Patchway, BS34

Aerospace Bristol is a new industrial heritage museum and learning centre being developed at Filton, to the north of Bristol. It will tell the story of the region's world-class aerospace industry - past, present and future. The Aerospace Bristol project is being run by the Bristol Aero Collection Trust.



It is estimated that the Bristol Aerospace Centre will cost £13 million to complete, funded through financial support from corporate partners and the Heritage Lottery Fund. The remainder will be raised from private donations and other charitable sources.

Substantial pledges have already been received from BAE Systems (who have also donated the site), Rolls-Royce and Airbus, with others in the pipeline. The Heritage Lottery Fund awarded a £4.4 million first round pass in May 2013, meaning that the outline proposals have been endorsed by the HLF


The site includes two Grade-II listed hangars that date from the First World War. These buildings are among the best preserved examples of their type in the UK, and will be fully refurbished before exhibits can be moved in. In addition, a modern building will be erected on the site to house the Bristol Concorde, Alpha Foxtrot, which has been preserved at Filton since it made the last Concorde flight in 2003.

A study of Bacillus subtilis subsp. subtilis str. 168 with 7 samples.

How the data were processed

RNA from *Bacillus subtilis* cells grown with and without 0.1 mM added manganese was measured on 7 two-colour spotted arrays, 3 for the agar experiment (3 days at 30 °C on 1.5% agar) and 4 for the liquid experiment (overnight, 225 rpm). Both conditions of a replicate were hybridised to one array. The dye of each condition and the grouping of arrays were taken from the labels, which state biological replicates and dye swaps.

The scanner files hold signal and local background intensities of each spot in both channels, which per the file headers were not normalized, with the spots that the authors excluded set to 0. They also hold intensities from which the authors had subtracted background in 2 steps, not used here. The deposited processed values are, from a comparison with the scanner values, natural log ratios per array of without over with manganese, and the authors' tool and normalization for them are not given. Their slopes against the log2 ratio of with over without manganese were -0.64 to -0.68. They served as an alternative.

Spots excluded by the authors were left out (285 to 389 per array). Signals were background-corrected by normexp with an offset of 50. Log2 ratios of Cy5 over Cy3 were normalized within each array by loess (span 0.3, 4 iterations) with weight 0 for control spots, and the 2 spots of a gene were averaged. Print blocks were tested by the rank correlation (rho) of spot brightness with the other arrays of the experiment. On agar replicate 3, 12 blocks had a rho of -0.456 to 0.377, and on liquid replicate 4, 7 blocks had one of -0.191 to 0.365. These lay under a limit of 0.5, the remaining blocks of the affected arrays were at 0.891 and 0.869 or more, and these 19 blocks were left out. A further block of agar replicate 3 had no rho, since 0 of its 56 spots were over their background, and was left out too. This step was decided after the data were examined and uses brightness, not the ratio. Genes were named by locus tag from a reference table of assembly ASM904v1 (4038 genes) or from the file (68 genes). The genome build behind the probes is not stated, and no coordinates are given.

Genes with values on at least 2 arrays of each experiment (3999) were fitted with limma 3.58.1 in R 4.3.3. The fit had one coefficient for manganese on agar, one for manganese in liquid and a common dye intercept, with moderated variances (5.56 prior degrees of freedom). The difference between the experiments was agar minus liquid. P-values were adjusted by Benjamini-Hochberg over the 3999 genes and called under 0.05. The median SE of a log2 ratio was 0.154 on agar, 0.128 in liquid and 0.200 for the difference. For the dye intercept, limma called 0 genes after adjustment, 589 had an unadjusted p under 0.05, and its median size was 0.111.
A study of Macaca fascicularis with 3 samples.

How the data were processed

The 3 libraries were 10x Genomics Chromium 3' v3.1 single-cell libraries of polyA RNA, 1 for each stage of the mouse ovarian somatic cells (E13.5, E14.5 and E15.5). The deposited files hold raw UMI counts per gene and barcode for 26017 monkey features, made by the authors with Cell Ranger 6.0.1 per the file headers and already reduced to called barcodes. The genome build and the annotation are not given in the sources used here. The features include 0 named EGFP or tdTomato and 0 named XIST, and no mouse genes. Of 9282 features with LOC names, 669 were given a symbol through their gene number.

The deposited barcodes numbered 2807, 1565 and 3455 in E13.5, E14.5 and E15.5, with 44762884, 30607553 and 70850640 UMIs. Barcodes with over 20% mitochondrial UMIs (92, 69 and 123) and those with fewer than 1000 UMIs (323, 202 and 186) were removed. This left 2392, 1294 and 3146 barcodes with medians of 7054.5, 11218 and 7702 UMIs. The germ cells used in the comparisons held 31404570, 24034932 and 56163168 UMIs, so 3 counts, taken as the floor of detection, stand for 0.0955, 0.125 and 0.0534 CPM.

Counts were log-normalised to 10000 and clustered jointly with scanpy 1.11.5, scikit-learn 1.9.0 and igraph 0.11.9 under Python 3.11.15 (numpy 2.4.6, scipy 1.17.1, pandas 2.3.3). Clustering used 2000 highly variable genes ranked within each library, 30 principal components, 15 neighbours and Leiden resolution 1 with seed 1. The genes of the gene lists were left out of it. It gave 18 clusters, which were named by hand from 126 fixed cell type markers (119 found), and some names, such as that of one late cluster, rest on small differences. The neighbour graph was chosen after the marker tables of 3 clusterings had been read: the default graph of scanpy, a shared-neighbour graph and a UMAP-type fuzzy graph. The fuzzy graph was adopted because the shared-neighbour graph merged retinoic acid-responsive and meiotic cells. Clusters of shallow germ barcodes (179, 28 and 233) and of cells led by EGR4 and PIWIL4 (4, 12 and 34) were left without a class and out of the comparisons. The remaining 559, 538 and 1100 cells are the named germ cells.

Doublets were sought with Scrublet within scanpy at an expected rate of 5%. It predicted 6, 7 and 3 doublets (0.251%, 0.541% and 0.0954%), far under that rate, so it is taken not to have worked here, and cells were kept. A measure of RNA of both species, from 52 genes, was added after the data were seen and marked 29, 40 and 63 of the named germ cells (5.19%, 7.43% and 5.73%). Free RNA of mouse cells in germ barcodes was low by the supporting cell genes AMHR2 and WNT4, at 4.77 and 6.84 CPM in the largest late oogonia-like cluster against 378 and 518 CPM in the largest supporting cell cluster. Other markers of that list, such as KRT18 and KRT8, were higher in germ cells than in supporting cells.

The Centre forms an integral part of the redevelopment of the former airfield site into a 50-hectare Enterprise Area.


The Bristol Aerospace Centre will tell the story of the aerospace industry in the region, which started in 1910 in two sheds at the top of Filton Hill. The business started only sixteen months after the first powered flight in Britain, and was the first aeroplane factory to be set up on a commercial basis in the UK. It rapidly expanded during the First World War, and was the largest aircraft and aero-engine factory in the world by the start of the Second. The business has expanded into missiles, spacecraft, cars, plastics and many other areas, which will all be covered by the museum.

Today, the South West of England is home to 75% of the UK's Aerospace Industry, and Filton is at the heart.